Why Your Child Is Not Foolproof
April 01, 2012
Julie A. Riess, Ph.D., is the Senior Advisor on Child Development and Education at Families and Work Institute. She is a developmental psychologist and the director of the Wimpfheimer Nursery School at Vassar College.
This article was originally published in the Poughkeepsie Journal by Gannett Publications on April 1, 2012.
It wasn’t until I went to graduate school in 1984 that I started to work on a Compac computer, the size of a standard weekend suitcase which my husband lugged up to our third floor apartment I couldn’t believe my eyes. I could correct my typos before they were even on paper! It was beyond my wildest dreams as an academic.
Nowadays I can make one of my colleagues giggle just by opening my “old-fashioned” sliding keyboard cell phone. I am still resisting touch screen technology and long for my cell phone to ring… well… like a phone instead of a jukebox.
There is simply no denying that our children are growing up in a vastly different world. With this endless game of technology leapfrog comes increasing demands on our ability to figure out what is possible and impossible, valid or unreliable information.
For young children, this is even harder than you might think.
At the University of Virgina, Professor Judy DeLoache and her colleagues set out to explore how young children ages four to eight would react to seeing “impossible” events with their own eyes. They individually invited children into their lab to see their very fancy machine with lots of flashing lights, dials and buttons. The researchers then told the children:
“This is my special machine. This machine can change things in all sorts of ways – it can make big things little, it can turn pictures into real things, and it can make toys turn real, too! Let’s turn it on and see what it can do.”
The researcher would then put one object (a toy hammer) in one door of the machine, have the child push the “on” button, and open another door where a transformed object (a real hammer) would appear. After seeing several “transformations” (such as a picture of a duck becoming a stuffed animal duck), the child’s parent would ask the child questions about what he or she had just seen. Questions included whether it was a trick, a magical machine, or if these things had really happened.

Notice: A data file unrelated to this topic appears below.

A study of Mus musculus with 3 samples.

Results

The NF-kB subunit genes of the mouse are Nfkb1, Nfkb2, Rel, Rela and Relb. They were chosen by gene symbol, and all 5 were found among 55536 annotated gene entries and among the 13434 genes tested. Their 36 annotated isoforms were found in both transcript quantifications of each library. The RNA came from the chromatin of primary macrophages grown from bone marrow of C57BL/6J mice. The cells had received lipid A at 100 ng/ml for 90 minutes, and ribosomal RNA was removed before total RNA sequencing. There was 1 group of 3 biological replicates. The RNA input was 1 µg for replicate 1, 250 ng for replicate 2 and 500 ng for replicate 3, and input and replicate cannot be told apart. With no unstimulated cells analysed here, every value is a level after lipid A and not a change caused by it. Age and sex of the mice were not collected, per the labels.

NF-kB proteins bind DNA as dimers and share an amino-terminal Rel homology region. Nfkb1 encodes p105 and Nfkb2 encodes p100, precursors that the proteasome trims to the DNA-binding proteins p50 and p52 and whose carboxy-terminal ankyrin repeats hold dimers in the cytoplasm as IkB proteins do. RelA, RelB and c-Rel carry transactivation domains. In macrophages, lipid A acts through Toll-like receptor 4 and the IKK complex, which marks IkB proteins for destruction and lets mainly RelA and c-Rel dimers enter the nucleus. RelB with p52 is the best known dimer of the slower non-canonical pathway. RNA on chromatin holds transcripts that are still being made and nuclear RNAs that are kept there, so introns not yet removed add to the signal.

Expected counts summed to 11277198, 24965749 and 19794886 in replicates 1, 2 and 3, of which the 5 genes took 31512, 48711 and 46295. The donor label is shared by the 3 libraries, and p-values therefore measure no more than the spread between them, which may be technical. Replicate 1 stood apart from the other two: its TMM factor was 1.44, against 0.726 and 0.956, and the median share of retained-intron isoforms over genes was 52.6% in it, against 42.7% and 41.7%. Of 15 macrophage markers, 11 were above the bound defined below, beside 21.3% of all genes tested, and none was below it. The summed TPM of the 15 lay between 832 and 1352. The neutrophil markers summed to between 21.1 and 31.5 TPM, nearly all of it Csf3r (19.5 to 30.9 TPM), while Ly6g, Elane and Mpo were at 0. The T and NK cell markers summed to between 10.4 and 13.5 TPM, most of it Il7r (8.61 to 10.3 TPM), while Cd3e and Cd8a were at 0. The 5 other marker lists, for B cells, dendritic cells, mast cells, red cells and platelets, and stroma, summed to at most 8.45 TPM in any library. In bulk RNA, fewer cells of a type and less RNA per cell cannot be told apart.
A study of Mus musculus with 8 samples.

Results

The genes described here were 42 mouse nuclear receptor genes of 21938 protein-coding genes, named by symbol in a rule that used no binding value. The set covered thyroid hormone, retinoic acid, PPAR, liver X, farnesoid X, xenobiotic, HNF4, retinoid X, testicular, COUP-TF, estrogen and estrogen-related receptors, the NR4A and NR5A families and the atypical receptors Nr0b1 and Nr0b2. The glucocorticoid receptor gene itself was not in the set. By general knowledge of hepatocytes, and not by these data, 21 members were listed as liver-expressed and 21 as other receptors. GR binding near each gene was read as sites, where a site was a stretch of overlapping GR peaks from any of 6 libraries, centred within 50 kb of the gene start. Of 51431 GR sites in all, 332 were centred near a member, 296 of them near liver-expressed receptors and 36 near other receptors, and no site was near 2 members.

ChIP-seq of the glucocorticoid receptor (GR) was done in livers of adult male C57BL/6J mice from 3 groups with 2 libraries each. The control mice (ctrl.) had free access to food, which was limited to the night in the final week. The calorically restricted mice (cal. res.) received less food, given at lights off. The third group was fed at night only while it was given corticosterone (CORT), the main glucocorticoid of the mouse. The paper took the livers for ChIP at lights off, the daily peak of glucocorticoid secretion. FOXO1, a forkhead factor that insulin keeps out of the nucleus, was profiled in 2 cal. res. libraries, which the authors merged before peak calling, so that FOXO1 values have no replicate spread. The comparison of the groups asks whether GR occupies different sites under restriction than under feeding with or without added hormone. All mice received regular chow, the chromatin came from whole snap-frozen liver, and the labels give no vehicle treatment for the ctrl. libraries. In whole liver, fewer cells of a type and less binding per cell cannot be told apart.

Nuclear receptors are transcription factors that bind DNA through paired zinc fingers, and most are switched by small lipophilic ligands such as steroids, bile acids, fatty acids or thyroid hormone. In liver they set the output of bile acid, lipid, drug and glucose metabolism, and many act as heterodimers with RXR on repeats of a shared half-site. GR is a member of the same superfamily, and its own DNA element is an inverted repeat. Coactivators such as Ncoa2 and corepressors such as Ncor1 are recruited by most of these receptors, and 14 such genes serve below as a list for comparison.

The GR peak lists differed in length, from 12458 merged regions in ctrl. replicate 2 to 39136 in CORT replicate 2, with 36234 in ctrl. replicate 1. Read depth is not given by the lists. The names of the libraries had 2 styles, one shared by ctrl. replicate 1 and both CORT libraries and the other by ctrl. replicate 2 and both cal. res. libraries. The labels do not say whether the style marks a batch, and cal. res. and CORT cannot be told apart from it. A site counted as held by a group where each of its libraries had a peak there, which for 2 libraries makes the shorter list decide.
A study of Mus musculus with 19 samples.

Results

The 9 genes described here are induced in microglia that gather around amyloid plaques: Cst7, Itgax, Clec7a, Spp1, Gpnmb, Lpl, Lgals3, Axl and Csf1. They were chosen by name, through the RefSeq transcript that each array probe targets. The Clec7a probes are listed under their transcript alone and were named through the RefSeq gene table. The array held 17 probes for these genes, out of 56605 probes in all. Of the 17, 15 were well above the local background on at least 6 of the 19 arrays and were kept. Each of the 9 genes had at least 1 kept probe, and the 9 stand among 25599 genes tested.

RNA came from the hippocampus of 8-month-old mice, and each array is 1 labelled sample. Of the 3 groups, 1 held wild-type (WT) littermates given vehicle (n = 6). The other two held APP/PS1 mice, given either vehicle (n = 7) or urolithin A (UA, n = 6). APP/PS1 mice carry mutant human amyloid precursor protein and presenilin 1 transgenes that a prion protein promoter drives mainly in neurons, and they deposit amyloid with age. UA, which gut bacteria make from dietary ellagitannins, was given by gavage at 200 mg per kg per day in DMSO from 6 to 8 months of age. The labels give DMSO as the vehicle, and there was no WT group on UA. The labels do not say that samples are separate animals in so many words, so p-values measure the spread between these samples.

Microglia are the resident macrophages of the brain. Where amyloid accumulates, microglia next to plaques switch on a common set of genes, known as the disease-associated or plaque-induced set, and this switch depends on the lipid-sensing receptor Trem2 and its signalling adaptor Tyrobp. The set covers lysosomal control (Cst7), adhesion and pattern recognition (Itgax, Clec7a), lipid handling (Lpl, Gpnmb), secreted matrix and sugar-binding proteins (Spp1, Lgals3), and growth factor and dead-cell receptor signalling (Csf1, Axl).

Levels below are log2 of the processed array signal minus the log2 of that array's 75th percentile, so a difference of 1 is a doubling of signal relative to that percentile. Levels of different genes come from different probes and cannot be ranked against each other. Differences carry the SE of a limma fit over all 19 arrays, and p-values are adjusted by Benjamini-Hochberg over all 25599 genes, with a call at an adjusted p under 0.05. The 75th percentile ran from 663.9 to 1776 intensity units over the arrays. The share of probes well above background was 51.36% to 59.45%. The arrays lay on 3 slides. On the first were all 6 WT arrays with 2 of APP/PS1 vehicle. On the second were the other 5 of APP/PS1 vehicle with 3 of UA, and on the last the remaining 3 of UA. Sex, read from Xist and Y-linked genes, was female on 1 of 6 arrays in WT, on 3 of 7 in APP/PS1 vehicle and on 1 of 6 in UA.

What they found stunned the research team. One hundred percent of the four year olds, 88 percent of the five year olds, 71 percent of the six year olds and even 33 percent of the seven year olds completely believed that the machine had magically transformed the objects.
Amazed, they made the transformations even more fantastical. A picture of a lizard in a cage would go into the machine and a live lizard in an identical cage would come out! Still, the range was remarkable: 88 percent of five year olds to 40 percent of eight year olds believed the transformations to be real.
Yet when they asked a separate group of children whether a flashlight could turn little or if pictures of animals could become real animals, approximately two-thirds of the time the child would report it was not possible. Asked as a question, this age group was more likely to get it right.
In this research team’s experiments, it wasn’t until children were eight or nine years old before they consistently said that what they had seen the magical machine do simply wasn’t possible.
While this may seem difficult to imagine as an adult, think about watching a skilled magician’s performance. We know it isn’t possible, but the power of the visual information is overwhelming.
This research has all kinds of implications, from what we might interpret as to when a child is intentionally lying, to the resonance of screen images as “real”, to the idea that children are absorbing information and knowledge from everyone around them. It is an enormous task to figure out what is valid and reliable knowledge, especially in the early years.
Enjoy this April Fool’s Day, but remember that for your child, seeing is often believing.